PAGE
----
Inky, Binky, Pinky and Clyde from Pac-Man rank as some of the most iconic characters in video game history and part of what helped them achieve that level of fame is there frankly astonishing level of AI. Think we’re over exaggerating? It took people decades to figure out how their little ghost brains work.
One of the reasons Pac-Man became an almost instant hit when it landed in arcades in 1980 was a combination of its cutesy visuals (which were specifically tailored to appeal to all you lady-folk out there) and its surprisingly punishing level of difficulty. Players pumped literally billions of dollars in quarters into Pac-Man machines across the globe and it took until 1999 for someone to “perfect” the game. Perfect in this case meaning completing all 256 levels without dying and without missing a single pellet. Just let that soak in, it took 19 years and literally millions of hours of play for someone to beat this game, for comparisons sake someone managed to beat Dark Souls 2 (a sequel to one of the “hardest games of all time”) the day that it came out.
The amount of time people have spent playing this game is staggering, which only makes the fact that it took years for people to actually realise what the hell the 4 fabulously well coordinated ghosts were doing all the more insane. We didn’t actually know how the ghosts were programmed to behave until Tōru Iwatani, the guy who effectively created the entire game, explained it in an interview. In 2011!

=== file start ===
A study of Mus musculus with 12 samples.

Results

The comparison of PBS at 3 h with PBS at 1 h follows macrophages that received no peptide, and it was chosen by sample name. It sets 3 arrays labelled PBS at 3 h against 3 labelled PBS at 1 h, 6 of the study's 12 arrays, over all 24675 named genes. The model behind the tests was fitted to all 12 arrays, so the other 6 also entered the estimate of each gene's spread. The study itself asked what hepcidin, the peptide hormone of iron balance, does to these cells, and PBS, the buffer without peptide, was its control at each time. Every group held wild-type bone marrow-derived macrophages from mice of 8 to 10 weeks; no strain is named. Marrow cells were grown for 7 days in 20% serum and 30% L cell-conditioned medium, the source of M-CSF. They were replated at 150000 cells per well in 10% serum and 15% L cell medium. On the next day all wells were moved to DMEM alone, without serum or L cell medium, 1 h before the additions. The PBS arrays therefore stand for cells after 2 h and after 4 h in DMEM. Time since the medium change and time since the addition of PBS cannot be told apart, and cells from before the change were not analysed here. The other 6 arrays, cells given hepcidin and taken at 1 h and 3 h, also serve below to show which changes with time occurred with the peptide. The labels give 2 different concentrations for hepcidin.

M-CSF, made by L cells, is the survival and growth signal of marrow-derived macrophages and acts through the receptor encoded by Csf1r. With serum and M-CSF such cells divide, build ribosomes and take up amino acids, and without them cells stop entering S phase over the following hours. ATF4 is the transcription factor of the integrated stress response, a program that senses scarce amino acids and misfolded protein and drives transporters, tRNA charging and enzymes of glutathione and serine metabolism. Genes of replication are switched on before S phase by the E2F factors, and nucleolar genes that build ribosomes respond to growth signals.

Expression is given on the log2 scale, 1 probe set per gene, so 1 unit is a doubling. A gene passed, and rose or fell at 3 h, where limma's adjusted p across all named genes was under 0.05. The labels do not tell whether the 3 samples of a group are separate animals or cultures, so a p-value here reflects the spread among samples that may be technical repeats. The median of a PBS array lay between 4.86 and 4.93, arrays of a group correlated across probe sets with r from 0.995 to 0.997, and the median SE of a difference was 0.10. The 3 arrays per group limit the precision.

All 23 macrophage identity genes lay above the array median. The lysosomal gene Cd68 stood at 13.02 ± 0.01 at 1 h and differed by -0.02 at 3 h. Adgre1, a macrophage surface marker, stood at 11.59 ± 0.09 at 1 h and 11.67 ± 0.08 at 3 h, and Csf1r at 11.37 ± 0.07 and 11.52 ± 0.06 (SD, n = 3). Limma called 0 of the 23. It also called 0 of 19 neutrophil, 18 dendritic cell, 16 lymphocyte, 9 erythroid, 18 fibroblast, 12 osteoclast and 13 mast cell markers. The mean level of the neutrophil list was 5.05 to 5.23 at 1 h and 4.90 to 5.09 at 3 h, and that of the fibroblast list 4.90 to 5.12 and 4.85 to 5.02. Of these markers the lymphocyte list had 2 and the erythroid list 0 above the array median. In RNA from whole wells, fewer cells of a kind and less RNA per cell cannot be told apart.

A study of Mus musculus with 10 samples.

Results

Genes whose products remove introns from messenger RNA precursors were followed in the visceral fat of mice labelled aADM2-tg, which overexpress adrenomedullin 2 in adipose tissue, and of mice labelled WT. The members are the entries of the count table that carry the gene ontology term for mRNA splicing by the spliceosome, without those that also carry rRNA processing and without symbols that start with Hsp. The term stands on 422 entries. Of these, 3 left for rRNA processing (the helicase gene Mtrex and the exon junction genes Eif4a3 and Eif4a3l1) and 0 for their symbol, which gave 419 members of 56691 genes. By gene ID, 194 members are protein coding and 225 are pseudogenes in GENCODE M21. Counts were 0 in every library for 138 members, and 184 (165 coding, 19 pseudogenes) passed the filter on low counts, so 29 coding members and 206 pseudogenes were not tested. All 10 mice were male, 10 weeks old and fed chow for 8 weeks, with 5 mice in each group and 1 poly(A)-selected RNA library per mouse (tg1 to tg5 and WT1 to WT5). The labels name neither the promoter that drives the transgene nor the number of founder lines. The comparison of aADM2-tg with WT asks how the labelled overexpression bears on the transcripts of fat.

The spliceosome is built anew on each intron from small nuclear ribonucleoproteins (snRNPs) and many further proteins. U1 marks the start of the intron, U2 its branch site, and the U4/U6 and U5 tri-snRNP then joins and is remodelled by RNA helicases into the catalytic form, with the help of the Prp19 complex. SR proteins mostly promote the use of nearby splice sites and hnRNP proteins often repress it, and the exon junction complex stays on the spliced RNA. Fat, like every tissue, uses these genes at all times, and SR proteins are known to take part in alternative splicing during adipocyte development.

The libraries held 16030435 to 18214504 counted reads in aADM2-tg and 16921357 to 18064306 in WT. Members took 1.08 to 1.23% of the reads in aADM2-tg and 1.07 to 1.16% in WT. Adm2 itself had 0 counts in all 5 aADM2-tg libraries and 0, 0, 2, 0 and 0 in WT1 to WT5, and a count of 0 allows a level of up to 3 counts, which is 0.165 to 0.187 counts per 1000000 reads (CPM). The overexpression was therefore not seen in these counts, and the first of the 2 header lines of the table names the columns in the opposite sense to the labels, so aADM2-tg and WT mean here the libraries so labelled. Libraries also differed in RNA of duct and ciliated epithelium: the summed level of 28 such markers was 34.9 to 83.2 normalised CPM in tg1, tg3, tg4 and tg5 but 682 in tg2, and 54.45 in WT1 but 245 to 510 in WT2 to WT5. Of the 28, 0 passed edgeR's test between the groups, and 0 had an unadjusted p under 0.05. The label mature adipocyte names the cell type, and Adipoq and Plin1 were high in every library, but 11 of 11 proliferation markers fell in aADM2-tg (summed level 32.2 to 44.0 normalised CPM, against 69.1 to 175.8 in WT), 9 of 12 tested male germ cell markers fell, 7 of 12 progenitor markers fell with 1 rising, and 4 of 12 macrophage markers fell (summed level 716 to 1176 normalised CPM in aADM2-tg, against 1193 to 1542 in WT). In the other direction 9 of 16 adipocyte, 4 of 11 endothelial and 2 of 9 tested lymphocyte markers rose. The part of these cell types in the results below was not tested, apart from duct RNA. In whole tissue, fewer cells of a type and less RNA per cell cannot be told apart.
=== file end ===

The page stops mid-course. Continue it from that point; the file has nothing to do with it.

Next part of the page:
Even then, when it came to describing how Clyde, the orange ghosts moved around the board in relation to Pac-Man, the only thing Iwatani would say was that “the orange ghosts moves completely at random”. Which fans knew wasn’t true, because it’s impossible to program a computer to act truly randomly, because the nature of programming behaviour means that there is some intrinsic rule it has to follow. It wasn’t until fans ripped the game’s code apart themselves that it was discovered that Clyde was programmed to always try and be within 8 spaces of Pac-Man, but run away if he got too close.
That behaviour may sound simple, an in comparison to modern games, we guess that it is, but just keep in mind that it took us about 30 years to figure it out. Clyde truly is a mystery wrapped in an enigma wrapped in pixels.